Asia

Why has Myanmar dropped proportional representation plans?

Parliament speaker Shwe Mann talks to members of the media in Nay Pyi Taw, Myanmar, on 16 August 2013 Image copyright AFP
Image caption Shwe Mann has said he will not change Myanmar's electoral system

A week ago as Aung San Suu Kyi and US President Barack Obama were meeting in Yangon, a piece of largely unreported news slipped out of the capital, Nay Pyi Taw.

The speaker of the Hluttaw (the Burmese parliament), Shwe Mann, announced that efforts to introduce proportional representation (PR) before the next election were being quietly dropped.

The news was sudden and strange, and left many wondering what it meant.

Often something out of the blue can mean a major development behind the scenes.

Was this an indication that a deal had been struck to end Myanmar's most pressing political problem - the "what happens next" question?

What if Aung San Suu Kyi's party, the National League for Democracy (NLD), wins next year's election but she is still barred from becoming president?

Major changes

Shwe Mann justified his announcement on PR by saying that he had corresponded with Myanmar's Constitutional Tribunal and they had told him a switch to the new electoral system would be unconstitutional.

Let us just unpick that for a second.

Image copyright AFP
Image caption There have been protests against Myanmar's restrictive constitution

The Hluttaw has been separately discussing amending the constitution and there is talk of a referendum in May to endorse any major changes.

It has dismissed removing the clause that stops Ms Suu Kyi becoming president but other alterations are being considered.

So just because PR is not in line with the current laws, it does not mean it could not have been included in the parliamentary review and made constitutional.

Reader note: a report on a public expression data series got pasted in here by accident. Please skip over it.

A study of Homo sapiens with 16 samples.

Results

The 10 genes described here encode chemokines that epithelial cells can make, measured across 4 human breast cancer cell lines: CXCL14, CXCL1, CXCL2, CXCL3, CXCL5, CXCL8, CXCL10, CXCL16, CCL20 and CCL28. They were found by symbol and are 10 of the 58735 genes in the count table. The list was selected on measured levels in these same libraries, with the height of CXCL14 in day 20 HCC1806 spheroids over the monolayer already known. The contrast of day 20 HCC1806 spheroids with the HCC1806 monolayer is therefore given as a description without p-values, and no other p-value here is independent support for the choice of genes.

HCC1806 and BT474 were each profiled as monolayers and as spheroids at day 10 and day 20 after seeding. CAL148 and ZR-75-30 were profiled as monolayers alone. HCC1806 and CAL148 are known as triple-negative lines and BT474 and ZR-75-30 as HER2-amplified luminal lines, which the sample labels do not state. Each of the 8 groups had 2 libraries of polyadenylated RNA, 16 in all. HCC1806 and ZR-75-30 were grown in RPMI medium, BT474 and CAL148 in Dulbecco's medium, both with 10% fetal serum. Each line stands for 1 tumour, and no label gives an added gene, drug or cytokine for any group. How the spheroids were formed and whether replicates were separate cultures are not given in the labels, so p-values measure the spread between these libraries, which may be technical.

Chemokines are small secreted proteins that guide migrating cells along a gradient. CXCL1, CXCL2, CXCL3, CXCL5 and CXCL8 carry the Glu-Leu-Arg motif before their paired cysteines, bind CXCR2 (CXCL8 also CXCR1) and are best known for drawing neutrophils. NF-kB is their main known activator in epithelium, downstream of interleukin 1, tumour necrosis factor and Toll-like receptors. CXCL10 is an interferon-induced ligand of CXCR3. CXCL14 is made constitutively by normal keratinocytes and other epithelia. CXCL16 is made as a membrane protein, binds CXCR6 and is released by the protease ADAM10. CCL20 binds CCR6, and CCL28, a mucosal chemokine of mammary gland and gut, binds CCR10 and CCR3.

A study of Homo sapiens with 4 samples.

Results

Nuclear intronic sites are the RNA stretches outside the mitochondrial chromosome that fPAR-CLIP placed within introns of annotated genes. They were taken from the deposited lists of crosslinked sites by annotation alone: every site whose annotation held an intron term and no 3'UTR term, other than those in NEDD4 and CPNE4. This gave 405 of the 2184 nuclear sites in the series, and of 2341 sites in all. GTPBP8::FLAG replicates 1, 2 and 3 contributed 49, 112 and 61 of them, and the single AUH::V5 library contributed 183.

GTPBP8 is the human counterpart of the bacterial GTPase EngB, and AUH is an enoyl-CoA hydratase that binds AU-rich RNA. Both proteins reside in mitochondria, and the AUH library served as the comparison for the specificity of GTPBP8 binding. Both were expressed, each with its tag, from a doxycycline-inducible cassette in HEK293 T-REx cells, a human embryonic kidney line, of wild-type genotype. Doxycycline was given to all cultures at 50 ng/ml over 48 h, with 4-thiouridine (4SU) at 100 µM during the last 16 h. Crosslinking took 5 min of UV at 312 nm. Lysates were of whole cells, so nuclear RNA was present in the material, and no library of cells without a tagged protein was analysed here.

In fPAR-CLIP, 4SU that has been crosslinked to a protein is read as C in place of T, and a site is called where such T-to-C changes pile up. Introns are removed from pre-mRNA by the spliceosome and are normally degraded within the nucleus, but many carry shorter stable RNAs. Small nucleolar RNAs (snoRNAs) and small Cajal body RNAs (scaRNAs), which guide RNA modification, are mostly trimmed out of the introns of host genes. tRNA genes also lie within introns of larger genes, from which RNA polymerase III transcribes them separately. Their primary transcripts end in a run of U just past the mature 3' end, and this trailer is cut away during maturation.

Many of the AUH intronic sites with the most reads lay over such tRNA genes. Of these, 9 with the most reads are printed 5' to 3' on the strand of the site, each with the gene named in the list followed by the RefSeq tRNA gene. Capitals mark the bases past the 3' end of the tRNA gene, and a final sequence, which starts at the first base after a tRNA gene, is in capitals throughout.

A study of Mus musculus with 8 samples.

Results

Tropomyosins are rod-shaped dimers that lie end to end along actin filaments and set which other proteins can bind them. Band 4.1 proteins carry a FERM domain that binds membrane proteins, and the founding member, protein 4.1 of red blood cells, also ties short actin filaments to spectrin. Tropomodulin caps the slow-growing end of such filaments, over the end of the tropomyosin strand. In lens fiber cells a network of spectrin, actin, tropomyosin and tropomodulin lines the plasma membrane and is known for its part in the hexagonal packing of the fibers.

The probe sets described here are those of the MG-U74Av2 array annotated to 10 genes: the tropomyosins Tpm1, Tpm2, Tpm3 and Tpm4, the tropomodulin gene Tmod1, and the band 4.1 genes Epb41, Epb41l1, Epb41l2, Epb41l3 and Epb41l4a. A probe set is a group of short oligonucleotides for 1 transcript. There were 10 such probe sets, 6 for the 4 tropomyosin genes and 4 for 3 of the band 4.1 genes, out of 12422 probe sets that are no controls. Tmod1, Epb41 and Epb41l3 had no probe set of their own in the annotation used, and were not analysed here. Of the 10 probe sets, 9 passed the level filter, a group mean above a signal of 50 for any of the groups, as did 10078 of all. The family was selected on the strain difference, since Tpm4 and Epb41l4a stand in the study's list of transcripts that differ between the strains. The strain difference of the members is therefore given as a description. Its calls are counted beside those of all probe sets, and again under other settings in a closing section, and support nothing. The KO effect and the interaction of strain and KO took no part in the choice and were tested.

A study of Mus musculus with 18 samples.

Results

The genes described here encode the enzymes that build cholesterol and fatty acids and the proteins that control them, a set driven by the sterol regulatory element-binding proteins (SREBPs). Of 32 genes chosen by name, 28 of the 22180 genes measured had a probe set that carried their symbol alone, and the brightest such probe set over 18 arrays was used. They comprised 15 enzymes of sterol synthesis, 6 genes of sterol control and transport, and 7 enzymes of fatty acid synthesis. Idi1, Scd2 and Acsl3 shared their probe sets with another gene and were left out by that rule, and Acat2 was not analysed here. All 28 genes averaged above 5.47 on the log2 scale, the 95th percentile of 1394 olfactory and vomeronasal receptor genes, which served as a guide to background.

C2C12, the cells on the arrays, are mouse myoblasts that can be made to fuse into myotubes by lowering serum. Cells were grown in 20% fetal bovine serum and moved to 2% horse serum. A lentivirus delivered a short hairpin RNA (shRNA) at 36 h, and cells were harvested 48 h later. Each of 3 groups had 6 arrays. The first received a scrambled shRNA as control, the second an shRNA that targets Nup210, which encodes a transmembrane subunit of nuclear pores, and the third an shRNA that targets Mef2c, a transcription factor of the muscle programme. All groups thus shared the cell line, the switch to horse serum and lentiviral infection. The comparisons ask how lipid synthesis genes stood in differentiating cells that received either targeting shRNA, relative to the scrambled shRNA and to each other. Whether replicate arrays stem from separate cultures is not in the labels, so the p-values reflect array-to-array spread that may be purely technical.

So if Shwe Mann had really wanted PR, he could surely have found a way.

Popular support

Perhaps he just does not like the system.

Historically Myanmar's politicians have shown little interest in shifting to PR, but like turkeys in the run up Christmas, next year's election has focused and changed minds.

Plenty of MPs in Shwe Mann's party, the USDP, saw a new system as a chance for them to survive.

Almost everyone expects that Aung San Suu Kyi's party, the NLD, will win next year's election.

Under the current first-past-the-post system, that could mean the current ruling party, the USDP, being close to wiped out.

In the by-elections of 2012, for example, the NLD won 43 of the 44 seats being contested.

No one is expecting a result quite on that scale, but there is no real reason why popular support for the NLD will have significantly fallen.

If that by-election result was repeated in 2015 under PR, the USDP would have retained perhaps 15% of the Hluttaw seats. Then, with the support of the army representatives (25% of the seats) and a coalition of ethnic parties, they might even have scraped a majority.

You can see why Ms Suu Kyi and the NLD are keen to keep first-past-the-post.

So if it might have saved his party, why did Shwe Mann dismiss PR so categorically?

Credible democracy?

An ambitious, pragmatic man, he knows that there is likely to be a leadership vacancy this time next year.

The constitution is almost certain to continue to stop Aung San Suu Kyi from becoming president, so if her party, the NLD wins, they'll be looking for another candidate to back.

One oft-discussed scenario could see Shwe Mann becoming president while Ms Suu Kyi takes over as speaker of an NLD-dominated Hluttaw.

Image copyright Getty Images
Image caption Ms Suu Kyi's party stands to win a majority in parliament following next year's elections

A coalition national unity government lead by a former general would hardly represent democracy in action but it would reassure both the army and foreign investors.

Over the last few months the impression has grown that Ms Suu Kyi no longer sees the 2015 election as the end destination - the single transforming moment when Myanmar becomes a credible democracy.

Her efforts to reduce the military's grip on the parliament and the constitution appear to have failed for now - and the clause excluding her from the presidency remains firmly in place

So Ms Suu Kyi's focus is shifting to the need for timely and credible elections next year. She is hoping that armed with a majority in parliament, she can try again for further changes.

So did Shwe Mann ditch PR to cosy up to Ms Suu Kyi? Or have they already privately reached an understanding?

Could a democracy icon really endorse a former general - after he lost an election - for the position of president?

With a year to go, across Myanmar the political permutations are being crunched.